All NATO battlegroups in Eastern Europe now fully operational – Forward Observer Shop

All NATO battlegroups in Eastern Europe now fully operational

Russia’s increasingly aggressive posture in Eastern Europe over the past several years led NATO to respond in kind, primarily by standing up four new multi national combat brigades that would be deployed to the eastern-most sectors of the alliance. Now, all four of those brigades have become fully operational.

The battle groups are stationed in Estonia, Latvia, Lithuania, and Poland. The Canadian-led battle group based at Camp Ādaži in Latvia became the fourth to complete NATO’s Certification Exercise.

The groups form a strategically important core of forces designed to give the Kremlin pause before launching any invasions of the Baltic states, especially, or to blunt any invasion should one occur. There is concern among NATO officials that President Vladimir Putin might at some point use the same justification to invade those states as he used to invade Georgia, retake the Crimea, and provide assistance to “rebel” factions inside Ukraine: Because Moscow acted to protest sizeable ethnic Russian populations within those countries. The three Baltic states, which were part of the former Soviet Union; Latvia and Estonia have large Russian minorities (about a quarter of the population in each), while the Russian minority is much smaller in Lithuania (about 6 percent). Also, Kaliningrad, which is Russian soil, is situated on the Black Sea wedged between Poland and Lithuania.

The four battle groups consist of about 4,500 troops in total. In addition to these forces, NATO has also bolstered its quick-reaction force to 40,000 troops. NATO is also strengthening its multinational presence in the Black Sea region, based around a Romanian-led multi-national framework brigade.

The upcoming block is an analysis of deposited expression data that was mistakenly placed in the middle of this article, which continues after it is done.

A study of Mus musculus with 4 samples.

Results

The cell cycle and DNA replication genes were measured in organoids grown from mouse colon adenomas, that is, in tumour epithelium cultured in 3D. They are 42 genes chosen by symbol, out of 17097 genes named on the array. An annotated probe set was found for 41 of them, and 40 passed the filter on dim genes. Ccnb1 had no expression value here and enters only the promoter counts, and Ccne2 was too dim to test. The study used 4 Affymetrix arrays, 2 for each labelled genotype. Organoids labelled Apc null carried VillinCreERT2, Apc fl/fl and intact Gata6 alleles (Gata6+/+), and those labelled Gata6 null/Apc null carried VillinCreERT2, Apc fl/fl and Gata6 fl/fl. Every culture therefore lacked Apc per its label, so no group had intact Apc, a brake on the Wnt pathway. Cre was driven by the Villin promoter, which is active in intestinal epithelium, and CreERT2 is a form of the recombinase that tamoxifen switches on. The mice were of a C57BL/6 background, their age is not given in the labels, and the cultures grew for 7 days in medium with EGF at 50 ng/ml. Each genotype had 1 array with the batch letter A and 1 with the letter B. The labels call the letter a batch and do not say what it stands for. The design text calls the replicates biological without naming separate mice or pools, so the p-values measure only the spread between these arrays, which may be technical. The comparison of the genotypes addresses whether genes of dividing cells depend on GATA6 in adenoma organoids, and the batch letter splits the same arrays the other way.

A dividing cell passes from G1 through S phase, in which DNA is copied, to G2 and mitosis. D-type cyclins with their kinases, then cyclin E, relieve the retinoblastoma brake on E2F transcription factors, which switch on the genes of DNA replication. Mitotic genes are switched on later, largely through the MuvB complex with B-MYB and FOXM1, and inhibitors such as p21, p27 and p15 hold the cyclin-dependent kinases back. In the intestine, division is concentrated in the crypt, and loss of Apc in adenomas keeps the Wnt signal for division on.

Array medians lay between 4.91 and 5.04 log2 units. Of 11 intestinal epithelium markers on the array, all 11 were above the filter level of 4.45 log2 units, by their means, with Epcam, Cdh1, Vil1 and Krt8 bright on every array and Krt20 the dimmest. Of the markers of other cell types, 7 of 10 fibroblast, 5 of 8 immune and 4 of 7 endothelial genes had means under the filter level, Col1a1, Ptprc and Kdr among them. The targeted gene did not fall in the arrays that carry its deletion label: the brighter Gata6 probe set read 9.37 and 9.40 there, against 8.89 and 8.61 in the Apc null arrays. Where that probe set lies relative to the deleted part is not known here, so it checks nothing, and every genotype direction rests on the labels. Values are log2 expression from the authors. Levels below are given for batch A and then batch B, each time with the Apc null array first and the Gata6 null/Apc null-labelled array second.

Source: NATO

Why it’s on our radar: In April 2016, reports surfaced that the Pentagon was moving a brigade’s worth of U.S. troops (about 4,500 in number) along with hundreds of tanks to NATO’s perimeter with Russia, the first such deployment of U.S. troops since the end of the Cold War. Again, aggressive moves by Putin were cited as the reason to redeploy a combat brigade and more U.S. armor as a deterrent. The redeployment of U.S. troops was also done to allay concerns among NATO allies, in particular, the Baltic states, that Washington’s commitment to the alliance and its mutual defense pact was not wavering. The additional NATO brigade sends a clear message to Putin that any further designs on eastern Europe will come at a high cost

The additional NATO battle groups, by comparison, send a clear message to Washington that NATO remains functional, cohesive, and committed to Europe’s defense. These additional forces should give Putin pause.

Jon E. Dougherty is a political, foreign policy and national security analyst and reporter with nearly 30 years of experience in both fields. A U.S. Army veteran of Operation Enduring Freedom, he holds BA in Political Science from Ashford University and an MA in National Security Studies/Intelligence Analysis from American Military University.